Trade card, circa 1882 – 1883, New Orleans, Louisiana.
Price: $15.00 Size: 2 and 1/2 x 4 and 5/8″
Acme Bar and Oyster Saloon. 9 and 11 Royal Street, Open at All Hours. J. M. Shannon, Proprietor.
“All are welcome to my shrine,
Call day or night, or any time,
My address is nine and eleven,
Embark for Royal street, then you are in Heaven.”
I’ve been away from posting new items a ridiculously long time, too much of the regular job rolling around upstairs and the laundry and dishes and gardening, etc. threatening to overtake, as usual. Or, at least that’s how it’s seemed. But back now, so here’s a leprechaun in a cabbage patch for St. Patrick’s Day, put out by J. M. Shannon, proprietor of the Acme Bar and Oyster Saloon. Oysters were big back in the day! My own great-grandmother, Sarah Durning, worked for a short time at the W. H. Dewey Ice Cream and Oyster House in Detroit, so we believe, from a city directory entry in 1880. Anyway, that’s nothing to do with J. M. Shannon’s Acme, but just mentioning, because Sarah was of Irish descent, like Shannon must have been. Notice how the first letters of the verse above spells ACME. Clever!
So, where was the Acme Bar and Oyster Saloon? New Orleans and that’s a fact. There’s an Acme Oyster House in the French Quarter, present-day, established 1910, and one would think there might be a connection, at least as inspiration, since as we found out from newspaper clippings, the 19th-century Acme business had been a popular one of pretty long-standing, though it had changed ownership multiple times.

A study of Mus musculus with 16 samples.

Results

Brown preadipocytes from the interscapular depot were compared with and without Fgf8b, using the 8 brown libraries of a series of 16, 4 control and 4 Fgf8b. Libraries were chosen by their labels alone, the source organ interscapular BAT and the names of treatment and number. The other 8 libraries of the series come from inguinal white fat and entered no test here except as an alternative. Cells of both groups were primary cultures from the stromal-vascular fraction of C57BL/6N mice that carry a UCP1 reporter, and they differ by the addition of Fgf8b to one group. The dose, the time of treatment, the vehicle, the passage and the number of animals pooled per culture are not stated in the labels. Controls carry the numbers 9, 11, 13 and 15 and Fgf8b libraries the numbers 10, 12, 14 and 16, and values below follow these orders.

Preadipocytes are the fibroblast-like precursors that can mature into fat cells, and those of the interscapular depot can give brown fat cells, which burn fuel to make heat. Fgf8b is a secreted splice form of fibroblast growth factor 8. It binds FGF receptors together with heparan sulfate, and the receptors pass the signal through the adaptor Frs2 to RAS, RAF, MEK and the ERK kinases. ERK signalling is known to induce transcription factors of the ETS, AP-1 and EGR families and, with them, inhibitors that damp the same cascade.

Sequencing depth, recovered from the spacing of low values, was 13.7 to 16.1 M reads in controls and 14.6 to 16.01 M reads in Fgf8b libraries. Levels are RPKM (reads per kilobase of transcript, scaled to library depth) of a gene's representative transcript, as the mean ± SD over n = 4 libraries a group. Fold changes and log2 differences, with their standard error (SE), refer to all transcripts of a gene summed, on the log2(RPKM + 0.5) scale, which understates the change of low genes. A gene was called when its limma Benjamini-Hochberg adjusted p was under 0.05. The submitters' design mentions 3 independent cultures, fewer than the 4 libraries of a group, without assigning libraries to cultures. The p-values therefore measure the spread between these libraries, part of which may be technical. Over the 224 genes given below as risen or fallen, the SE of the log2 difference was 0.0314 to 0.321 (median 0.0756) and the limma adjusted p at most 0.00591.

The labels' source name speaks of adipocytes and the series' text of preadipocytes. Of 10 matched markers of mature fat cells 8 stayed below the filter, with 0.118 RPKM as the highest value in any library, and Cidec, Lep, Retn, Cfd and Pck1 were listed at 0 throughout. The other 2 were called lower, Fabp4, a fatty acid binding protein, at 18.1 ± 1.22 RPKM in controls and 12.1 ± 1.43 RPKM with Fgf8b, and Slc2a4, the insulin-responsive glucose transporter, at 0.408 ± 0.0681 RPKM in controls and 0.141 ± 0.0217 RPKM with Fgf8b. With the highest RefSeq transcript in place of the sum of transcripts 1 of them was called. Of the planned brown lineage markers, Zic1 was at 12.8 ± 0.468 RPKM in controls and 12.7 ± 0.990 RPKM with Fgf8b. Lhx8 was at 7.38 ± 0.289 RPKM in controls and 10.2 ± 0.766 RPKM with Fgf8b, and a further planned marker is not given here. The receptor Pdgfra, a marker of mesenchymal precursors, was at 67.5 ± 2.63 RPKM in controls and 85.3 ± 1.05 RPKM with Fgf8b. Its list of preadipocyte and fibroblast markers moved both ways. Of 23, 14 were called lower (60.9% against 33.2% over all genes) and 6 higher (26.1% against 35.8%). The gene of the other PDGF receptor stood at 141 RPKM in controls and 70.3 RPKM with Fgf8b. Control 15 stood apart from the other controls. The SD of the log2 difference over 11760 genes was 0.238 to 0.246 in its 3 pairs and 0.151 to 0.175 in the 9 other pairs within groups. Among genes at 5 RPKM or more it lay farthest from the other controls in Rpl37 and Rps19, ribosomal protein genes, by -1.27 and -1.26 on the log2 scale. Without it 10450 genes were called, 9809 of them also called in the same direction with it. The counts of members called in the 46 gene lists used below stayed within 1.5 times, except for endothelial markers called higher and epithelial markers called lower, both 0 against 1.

Appearing in the St. Tammany Farmer, April 21, 1883:
Below, two clippings from Commercial Bulletin, Price-Current and Shipping List. July 5, and July 12, 1882:
John M. Shannon, prior steward of the Pickwick Club
John Shannon, along with Peter McGrath to be more precise
Prior to Shannon in 1882-’83 we find the Acme Saloon, aka Acme Oyster Bay and Saloon under Gerome M. Borges, proprietor, circa 1876 – 1878, per city directories. This gem of an ad below is clipped from The New Orleans Daily Democrat, February 13, 1877:
Appearing in the Louisiana Review, September 11, 1889, the Acme was owned by Henry Langhetee:
By at least October 1893, the Acme had changed ownership again, this time to James McGowan, well-known in the New Orleans, according to the clipping below:
Sources: “Acme Bar.” St. Tammany Farmer, April 21, 1883. Saturday, p. 3. (Newspapers.com).
“The Acme.” Commercial Bulletin, Price-Current and Shipping List. July 5, 1882. Wednesday, p. 2. (Newspapers.com).
“The prestige….” Commercial Bulletin, Price-Current and Shipping List. July 12, 1882. Wednesday, p. 2. (Newspapers.com).
L. Sourds & Co.’s New Orleans City Directory, 1878. Page 97. Ancestry.com. U.S. City Directories, 1822-1995.
“Citizens and Strangers!” The New Orleans Daily Democrat, February 13, 1877. Tuesday, p. 4. (Newspapers.com).
“The Acme bar, oyster saloon and restaurant.” Louisiana Review, September 11, 1889. Wednesday, p. 6. (Newspapers.com).
“The Acme, 9 and 11 Royal Street.” The Times-Picayune, October 2, 1893. Monday, p. 8. (Newspapers.com).